The Texas economy is one of the most robust in the world. Wildly profitable companies and ingenious entrepreneurs call this state home, and what happens here influences businesses around the nation. Here’s a slice of the profits, losses, big deals, and backroom decisions happening across
House of the Rising ’Sung
Samsung announced this week that it will pump about $4 billion into its Austin manufacturing plant “to boost output of processors increasingly used in smartphones and tablet computers,” Businessweek reports. The company says it will finish converting the factory and begin mass production by late next year.
Samsung, the largest memory chipmaker in the world and the sole manufacturer of iPhone and iPad processors, is shifting away from memory in favor of the expanding market for “mobile application-processors,” analysts told Businessweek.
The Bottom Line: The investment—“the largest in size to be made by a foreign company in Texas”—may be used to ramp up production of mobile chips for Apple, Samsung’s largest client.
You’ve Got Fail
Dallas Morning News publisher James Moroney is on the frontlines of a legal battle between newspapers and junk mail purveyors—a fight that lost some traction this week. On Thursday the Postal Regulatory Commission “approved a plan that gives one of the nation’s largest direct marketers a postage discount on advertising flyers,” which could net as much as $15 million in additional revenue for the U.S. Postal Service, the Associated Press reports.
The commission’s deal with Valassis Communications Inc. comes at the expense of newspapers, which compete for many of the same advertisers. Moroney, in his capacity as chairman of the Newspaper Association of America, argued that “about $1 billion in annual newspaper industry ad revenue would be put at risk because it would lure big advertisers away from its Sunday newspapers,” according to the AP.
The Bottom Line: The commission disputed the NAA’s estimate, ruling that current policies “do not shield newspapers from the consequences of fair competition.” The newspapers plan to appeal the commission’s ruling.
Lockheed and Loaded
The Grand Prairie division of Lockheed Martin Missiles and Fire Control secured a $65 million contract this week to develop a new combat vehicle prototype for the U.S. military. The defense contractor is one of three companies selected to continue working on the “joint light tactical vehicle” concept for the next two years, at which time the government will choose one firm to oversee the full-scale project, the Dallas Business Journal reports.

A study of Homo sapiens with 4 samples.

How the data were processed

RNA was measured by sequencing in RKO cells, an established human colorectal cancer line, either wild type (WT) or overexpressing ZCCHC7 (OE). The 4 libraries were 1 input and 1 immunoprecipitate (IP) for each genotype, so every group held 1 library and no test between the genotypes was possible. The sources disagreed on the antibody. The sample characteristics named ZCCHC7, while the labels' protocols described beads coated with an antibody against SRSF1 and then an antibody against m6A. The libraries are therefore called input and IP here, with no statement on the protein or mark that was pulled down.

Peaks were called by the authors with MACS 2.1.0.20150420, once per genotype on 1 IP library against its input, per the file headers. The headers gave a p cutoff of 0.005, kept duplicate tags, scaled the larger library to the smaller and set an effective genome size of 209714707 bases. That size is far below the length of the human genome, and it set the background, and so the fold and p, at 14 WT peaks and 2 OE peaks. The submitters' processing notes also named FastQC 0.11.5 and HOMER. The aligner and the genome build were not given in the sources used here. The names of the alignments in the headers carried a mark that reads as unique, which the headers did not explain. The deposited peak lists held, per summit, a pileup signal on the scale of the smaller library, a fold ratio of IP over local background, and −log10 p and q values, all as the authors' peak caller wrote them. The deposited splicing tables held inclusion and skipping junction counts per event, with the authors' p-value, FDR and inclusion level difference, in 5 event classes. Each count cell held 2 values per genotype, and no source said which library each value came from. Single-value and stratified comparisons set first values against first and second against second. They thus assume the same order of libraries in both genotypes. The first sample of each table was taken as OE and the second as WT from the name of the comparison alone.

The Bottom Line: Lockheed Martin says the next step will be to “take the vehicle through the engineering and manufacturing development phase.” According to the DBJ, the company will produce 22 vehicles in the next 12-14 months.
The Pipe Man Cometh
Keystone XL oil pipeline developer TransCanada has been cleared to build the line over private farmland in northeast Texas, CBS News reports. A Lamar County judge ruled Wednesday that the project meets the standards for eminent domain, “meaning the project is under the authority of the Texas Railroad Commission and qualified for land condemnation.” Once completed, the pipeline will carry crude oil from Canadian tar sands to the Texas Gulf Coast.
The Bottom Line: The farm’s owner, who “argued that TransCanada trampled her property rights and that the project could harm Caddo Indian artifacts on her farm,” plans to appeal the ruling to a state district court, according to CBS.
Winner of the Week: Whole Foods
Last year Whole Foods set out to “triple its store count to 1,000 and boost sales by opening locations in underserved areas and smaller markets,” and Businessweek reported this week that the Austin-based natural foods monolith is making fast progress toward that goal. In addition to targeting so-called “food deserts” in smaller communities, the chain is also making an ambitious push into urban areas in Detroit, Chicago and Newark.
The strategy could mean even more success for Whole Foods, which has seen an estimated sixteen percent sales growth this year, well ahead of the industry average.
Loser of the Week: Zynga
Austin social game studio Zynga Inc. is still struggling to recover from a slump it fell into in the wake of its December IPO. The company’s stock has plummeted by seventy percent in nine months, and players are abandoning its most popular games, including “FarmVille,” “CityVille” and “CastleVille”—which each lost at least twenty percent of their audience in the last three months, according to Businessweek.
Despite the apparent free-fall, CEO Mark Pincus says he will never consider selling the company, no matter how much shareholders protest. “My only exit is by natural causes,” he said at a July event.